You can’t judge a book by its cover. In the case of Leslie Esdaile’s Love Potions, you shouldn’t even judge a book by its first chapter. In the span of 317 pages, Love Potions went from a book I was ready to dismiss to one that is made my list of top ten reads for 2002.
When the novel begins, four friends - Delores, Gail, Nikki and Victoria - are in the midst of a post-Valentine Day group rant about the quantity and quality of available suitors. It’s an all-too familiar plot in contemporary African-American women’s fiction.
Victoria saves the day - and my interest in the novel - by telling her friends they need to end the pity party and look at ways of becoming financially independent. Money will get them through times of no sex, better than sex will get them through times of no money, she rationalizes. Victoria suggests an outlandish scheme for the group to make a bit of extra money by offering readings to a select clientele. It’s supposed to be a four-week project that will give each woman an evening’s proceeds.
Faster than you can say “Miss Cleo,” the quartet sets up shop in Victoria’s beauty salon and Nikki Gordon is placed in the role of reluctant psychic. In addition to spiritual advice, clients can buy special elixirs made from pot liquor. But a funny thing happens on the way to prosperity. An incident in each woman’s life forces her to look closer at their new enterprise. Aided and abetted by a wily fairy godfather named Jo-Jo, the women reinvent themselves within and without. They discover courage, confidence and perspective.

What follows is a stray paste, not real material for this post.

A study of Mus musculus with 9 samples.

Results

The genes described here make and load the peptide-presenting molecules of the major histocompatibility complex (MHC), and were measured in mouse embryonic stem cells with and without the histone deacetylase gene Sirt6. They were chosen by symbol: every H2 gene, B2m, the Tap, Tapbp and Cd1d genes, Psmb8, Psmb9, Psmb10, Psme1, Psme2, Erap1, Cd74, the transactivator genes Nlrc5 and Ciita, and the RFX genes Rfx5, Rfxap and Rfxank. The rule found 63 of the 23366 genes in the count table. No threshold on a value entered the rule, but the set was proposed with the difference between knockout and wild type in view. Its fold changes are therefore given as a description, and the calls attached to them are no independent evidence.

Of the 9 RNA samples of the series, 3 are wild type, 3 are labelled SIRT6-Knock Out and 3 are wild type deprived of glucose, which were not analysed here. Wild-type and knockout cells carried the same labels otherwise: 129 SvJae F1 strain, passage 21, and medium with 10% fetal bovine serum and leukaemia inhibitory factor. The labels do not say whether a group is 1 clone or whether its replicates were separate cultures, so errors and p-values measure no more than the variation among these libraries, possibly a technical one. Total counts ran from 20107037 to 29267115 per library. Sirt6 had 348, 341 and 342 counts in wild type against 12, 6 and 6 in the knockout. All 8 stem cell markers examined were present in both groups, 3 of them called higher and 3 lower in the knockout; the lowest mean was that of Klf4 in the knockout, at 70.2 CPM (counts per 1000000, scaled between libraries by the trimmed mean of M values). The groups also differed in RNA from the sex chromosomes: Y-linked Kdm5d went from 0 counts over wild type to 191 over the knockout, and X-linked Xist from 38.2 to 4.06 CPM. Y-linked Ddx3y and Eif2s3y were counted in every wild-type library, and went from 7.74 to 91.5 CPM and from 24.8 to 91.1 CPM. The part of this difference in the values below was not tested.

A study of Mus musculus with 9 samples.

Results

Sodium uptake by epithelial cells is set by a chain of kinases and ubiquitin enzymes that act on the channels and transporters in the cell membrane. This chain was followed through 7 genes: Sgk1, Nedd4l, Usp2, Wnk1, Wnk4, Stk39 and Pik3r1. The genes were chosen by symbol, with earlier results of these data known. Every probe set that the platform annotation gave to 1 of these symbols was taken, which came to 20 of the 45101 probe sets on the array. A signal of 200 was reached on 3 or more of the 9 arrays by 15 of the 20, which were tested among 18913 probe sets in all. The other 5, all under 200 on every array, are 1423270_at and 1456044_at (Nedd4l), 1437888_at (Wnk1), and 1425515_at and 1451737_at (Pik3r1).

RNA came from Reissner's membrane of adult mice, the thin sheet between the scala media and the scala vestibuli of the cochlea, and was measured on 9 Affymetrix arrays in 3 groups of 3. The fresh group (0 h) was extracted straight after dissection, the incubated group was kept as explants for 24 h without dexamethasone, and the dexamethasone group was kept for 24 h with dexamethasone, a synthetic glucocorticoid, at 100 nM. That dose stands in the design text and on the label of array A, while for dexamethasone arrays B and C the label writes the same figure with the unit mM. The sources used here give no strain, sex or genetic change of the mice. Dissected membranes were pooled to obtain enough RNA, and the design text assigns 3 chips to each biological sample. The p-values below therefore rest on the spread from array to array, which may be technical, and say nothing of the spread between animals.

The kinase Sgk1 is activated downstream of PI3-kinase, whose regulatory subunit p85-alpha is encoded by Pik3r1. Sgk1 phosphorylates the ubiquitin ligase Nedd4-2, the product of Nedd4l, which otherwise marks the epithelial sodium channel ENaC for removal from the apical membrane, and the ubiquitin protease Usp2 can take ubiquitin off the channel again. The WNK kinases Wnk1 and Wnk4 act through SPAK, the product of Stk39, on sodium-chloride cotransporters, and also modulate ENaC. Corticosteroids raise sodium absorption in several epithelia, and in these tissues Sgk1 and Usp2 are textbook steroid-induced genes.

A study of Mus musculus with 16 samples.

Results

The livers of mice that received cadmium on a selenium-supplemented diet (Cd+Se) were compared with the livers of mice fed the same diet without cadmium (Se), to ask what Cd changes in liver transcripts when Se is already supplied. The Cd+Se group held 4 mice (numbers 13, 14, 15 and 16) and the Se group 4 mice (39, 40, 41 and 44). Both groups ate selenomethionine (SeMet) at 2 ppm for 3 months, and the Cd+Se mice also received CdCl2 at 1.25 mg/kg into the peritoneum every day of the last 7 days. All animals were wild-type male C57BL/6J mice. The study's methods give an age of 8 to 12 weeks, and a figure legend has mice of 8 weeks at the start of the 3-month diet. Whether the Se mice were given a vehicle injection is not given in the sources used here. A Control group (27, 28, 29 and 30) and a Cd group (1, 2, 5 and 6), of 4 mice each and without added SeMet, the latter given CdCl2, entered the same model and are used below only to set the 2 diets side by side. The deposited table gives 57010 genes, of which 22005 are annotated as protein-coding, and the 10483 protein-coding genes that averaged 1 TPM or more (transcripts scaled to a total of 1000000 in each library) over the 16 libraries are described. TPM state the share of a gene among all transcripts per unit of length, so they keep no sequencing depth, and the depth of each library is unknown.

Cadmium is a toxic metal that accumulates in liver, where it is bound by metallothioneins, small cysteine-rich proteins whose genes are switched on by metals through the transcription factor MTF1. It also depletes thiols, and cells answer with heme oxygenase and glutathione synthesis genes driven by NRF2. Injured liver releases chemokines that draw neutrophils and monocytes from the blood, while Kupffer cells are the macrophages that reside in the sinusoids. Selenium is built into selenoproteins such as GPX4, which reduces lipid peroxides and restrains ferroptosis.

Lest you think this is not a romance, enter Adam Bastille. Adam is a former New Orleans cop who is trying to find out who is harassing his cousin. Suspects abound since his cousin has a penchant for other women’s men. Adam stumbles upon the ladies’ psychic hook-up during his investigation. And, although he has not had any of the love potion, Adam is immediately under Nikki’s spell. The chemistry between the two is powerful. Adam is a wonderful hero who learns early on that the key to a woman’s heart just might be a new set of steel-belted radial tires.
Leslie Esdaile has written a wonderful romantic comedy with several interesting twists. Love Potions is about family, friendship, loyalty, and six degrees of separation. It is about links between the past, present and future and about the power of a mother’s love. It’s like a visit to Oz, where each character discovers their hidden strengths and abilities.
While Love Potions is a definite keeper, it is not a five-hearter because of its heavy mainstream leanings. That said, I strongly recommend Love Potions.